Newly Proposed Legislation for New Jersey Workplace Injuries
Understanding the Newly Proposed Legislation Affecting Workplace Injuries in Parking Lots: Workers’ Compensation Lawyer in NJ Explains
In proposed legislation passed in the New Jersey Senate on January 11, 2021, Senate Bill 771 (NJ S771) seeks to expand workers’ compensation coverage to parking lots and designated parking areas. The bill, which is currently pending in the New Jersey Assembly, would broaden the definition of when employment “commences” in NJ Stat. Ann. 35:15-36, increasing the reach of where NJ’s workers’ compensation laws could apply. The specific focus is on parking lots and the ingress or egress of employees. Our workers’ compensation lawyer in NJ knows that this is a huge step to affording workers better coverage for medical bills and lost wages in a workplace accident as it will help resolve “when” employment starts.
Here at The Law Offices of Craig A. Altman, we have over 30 years of experience protecting the rights of individuals who suffered a work-related injury in New Jersey. This includes a proven track record of success during negotiations, hearings, appeals, and other legal proceedings relating to WC claims. Our experienced workers’ compensation attorney in NJ can review your case during a FREE consultation to evaluate what legal options you may have to ensure you and your family get the financial protections you deserve.
Current Laws Relating to When Employment “Starts”
Under the current application of the law, employment “starts” when an individual reports to work and “ends” when an individual leaves work. This period of starting and stopping is known as the “scope of employment.” An employee’s injuries are only considered “work-related” when the accident occurs within the scope of employment. This rule sounds simple, but the application of this rule can become tricky in certain instances.
Take, for example, when an individual leaves work and is injured in a parking lot. Presently, NJ workers’ compensation laws usually do not extend to accidents in parking areas that are not owned or controlled by the employer. This can be inequitable when an employer keeps workers late at night who fall in the dark or when an employer designates parking in areas further from the office to walk, increasing the chance to fall during the winter. It also partially insulates employers from ensuring safe ingress and egress for their employees.
This result was a product of Hersh v County of Morris, wherein the New Jersey Supreme Court found that the plaintiff’s injuries caused during her two-block walk to the designated parking lot did not fall within her scope of employment. Therefore, she was not entitled to workers’ compensation benefits.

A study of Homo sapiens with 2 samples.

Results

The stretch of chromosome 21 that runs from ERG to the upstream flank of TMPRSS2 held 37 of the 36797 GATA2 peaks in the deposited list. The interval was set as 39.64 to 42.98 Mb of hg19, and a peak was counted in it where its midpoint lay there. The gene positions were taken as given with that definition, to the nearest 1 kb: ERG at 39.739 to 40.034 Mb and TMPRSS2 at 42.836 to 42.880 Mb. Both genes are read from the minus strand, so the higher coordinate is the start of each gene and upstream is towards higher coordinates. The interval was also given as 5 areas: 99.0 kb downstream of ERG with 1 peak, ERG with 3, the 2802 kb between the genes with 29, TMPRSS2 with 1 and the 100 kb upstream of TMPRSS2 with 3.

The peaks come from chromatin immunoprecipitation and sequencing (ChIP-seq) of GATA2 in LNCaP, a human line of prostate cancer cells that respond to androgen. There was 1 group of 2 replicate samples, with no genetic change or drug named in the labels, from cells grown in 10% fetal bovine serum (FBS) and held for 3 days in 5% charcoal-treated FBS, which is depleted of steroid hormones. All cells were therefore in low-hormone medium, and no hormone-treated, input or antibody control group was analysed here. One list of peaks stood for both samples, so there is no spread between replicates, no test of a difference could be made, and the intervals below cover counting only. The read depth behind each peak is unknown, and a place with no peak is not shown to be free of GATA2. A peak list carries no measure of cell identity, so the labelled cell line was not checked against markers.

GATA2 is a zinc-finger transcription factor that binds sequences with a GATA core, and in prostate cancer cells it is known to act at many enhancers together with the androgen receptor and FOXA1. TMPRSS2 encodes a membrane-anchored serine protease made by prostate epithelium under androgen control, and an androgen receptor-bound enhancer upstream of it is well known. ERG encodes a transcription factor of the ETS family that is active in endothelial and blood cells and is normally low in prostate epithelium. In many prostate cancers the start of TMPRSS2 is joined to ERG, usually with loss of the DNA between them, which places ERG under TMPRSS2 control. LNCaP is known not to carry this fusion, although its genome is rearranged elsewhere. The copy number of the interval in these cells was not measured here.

Language of Senate Bill 771
The result in Hersh is now one of the primary goals of the proposed legislation to fix by amending the current law. In the proposed amendment, the bill provides the following:
“Employment shall also be deemed to commence, if an employer provides or designates a parking area for use by an employee, when an employee arrives at the parking area prior to reporting for work and shall terminate when an employee leaves the parking area at the end of a work period; provided that, if the site of the parking area is separate from the place of employment, an employee shall be deemed to be in the course of employment while the employee travels directly from the parking area to the place of employment prior to reporting for work and while the employee travels directly from the place of employment to the parking area at the end of a work period.”
This means that an employee is considered within the scope of employment when he or she reaches their vehicle in the parking lot—not at the start or end of working for the day. Thus, the employee is still within the scope of employment until he or she reaches the safety of their vehicle. Therefore, while a fall happening in a parking lot currently would not be covered by workers’ compensation, under the proposed legislation, it would be.
The proposed legislation also places a burden on employers to ensure employees have safe ingress and egress, while offering coverage for medical bills and lost wages when an employee is injured on their way to their vehicle. Our workers’ comp lawyer in NJ finds this to be very important for workers, especially considering the harsh winter seasons which pose a risk of slip and fall accidents due to snow and ice.
Injured in a Workplace Accident? Ask Our Workers’ Comp Attorney in NJ for Help
If you or a loved one were seriously injured in a work-related accident, let us help guide you through the confusing WC claim process. While NJ law aims to protect workers and make this process easy, unfortunately, far too many insurance companies do not. After all, insurance is a business for many WC carriers. This means that they may take aggressive positions against your claim, often undervaluing the compensation you may be entitled to.
Do not let this happen to you. Call The Law Offices of Craig A. Altman for help. We offer FREE consultations and only get paid after you get paid. Schedule your consultation with our compassionate team today by dialing (856) 327-8899 or use our contact us box to send us a message here.